Massachusetts, Washington State lead U.S. trauma-sensitive school movement

Washington State determined that 13 out of every 30 students in a classroom will have toxic stress from 3 or more traumatic experiences. Those children are likely to be more “unruly”, more “unmotivated” or more absent than the others. Source: Washington State Family Policy Council.



Chronic child abuse and/or neglect (CAN) suffered by children leads to increased risk in all categories above. In cases of violent delinquency, brain injury, and further child abuse by parents who were abused as children, there’s a slight decline for the highest category compared with middle categories. But in all cases having reports was associated with higher rates of problems.


HBO’s four-part series, “The Weight of the Nation”, says a lack of exercise, genetics, an overabundance of sugar and food marketing cause 78 million Americans to be obese and morbidly obese. But HBO missed something significant — the link between obesity and adverse childhood experiences. For millions of people, it’s more important than all the rest.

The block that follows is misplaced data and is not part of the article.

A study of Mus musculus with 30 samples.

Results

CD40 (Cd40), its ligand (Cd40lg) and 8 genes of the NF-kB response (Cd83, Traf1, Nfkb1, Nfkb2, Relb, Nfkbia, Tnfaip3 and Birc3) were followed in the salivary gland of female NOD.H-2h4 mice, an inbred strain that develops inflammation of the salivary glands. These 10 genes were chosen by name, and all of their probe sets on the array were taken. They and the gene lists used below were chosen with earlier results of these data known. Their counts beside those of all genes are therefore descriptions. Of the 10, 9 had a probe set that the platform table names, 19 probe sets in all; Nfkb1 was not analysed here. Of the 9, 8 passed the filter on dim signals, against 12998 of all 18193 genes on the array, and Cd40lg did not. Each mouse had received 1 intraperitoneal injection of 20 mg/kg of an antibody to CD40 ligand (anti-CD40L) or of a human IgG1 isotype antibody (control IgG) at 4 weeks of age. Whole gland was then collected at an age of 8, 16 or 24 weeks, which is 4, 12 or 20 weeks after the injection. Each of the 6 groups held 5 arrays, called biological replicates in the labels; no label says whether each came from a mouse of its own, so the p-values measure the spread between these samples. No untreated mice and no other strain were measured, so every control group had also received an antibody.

More than six million obese and morbidly obese people are likely to have suffered physical, sexual and/or verbal abuse during their childhoods, according to the Centers for Disease Control and Prevention’s ACE Study. It’s likely that millions more can point to other types of childhood trauma – including loss of a parent through divorce, living with an alcoholic parent or a mentally ill family member – or other traumatic experiences such as rape or assault — as a starting point for their weight gain.


Lincoln High School staff member Brooke Bouchey in supply room full of food, clothes, blankets, backpacks, and sleeping bags donated by Walla Walla community.


The Children’s Advocacy Institute at the University of San Diego School of Law last month came out with its grades for  states’ reporting of child abuse fatalities or near-fatalities. Oklahoma went from a C+ in 2008 to a B this year, and promptly landed itself in hot water. That’s because of what seems to be a federal agency that’s bucking a federal law.

The Child Abuse Prevention and Training Act (CAPTA) requires that in cases of death or near-death, the case details “must be made public so that they can be examined to identify needed systemic reform”, and states must comply, according to the Institute’s 2012 report.

Just 4% of maltreatment reports result in the removal of a child from his/her home. Certainly, the removal of any child from a family is a serious decision. An error in judgment when separating a child from his or her family is fraught with mental trauma. Every jurisdiction in America imposes a series of measures designed to limit state abuses in cases of unjustified removal. But what about error in the other direction?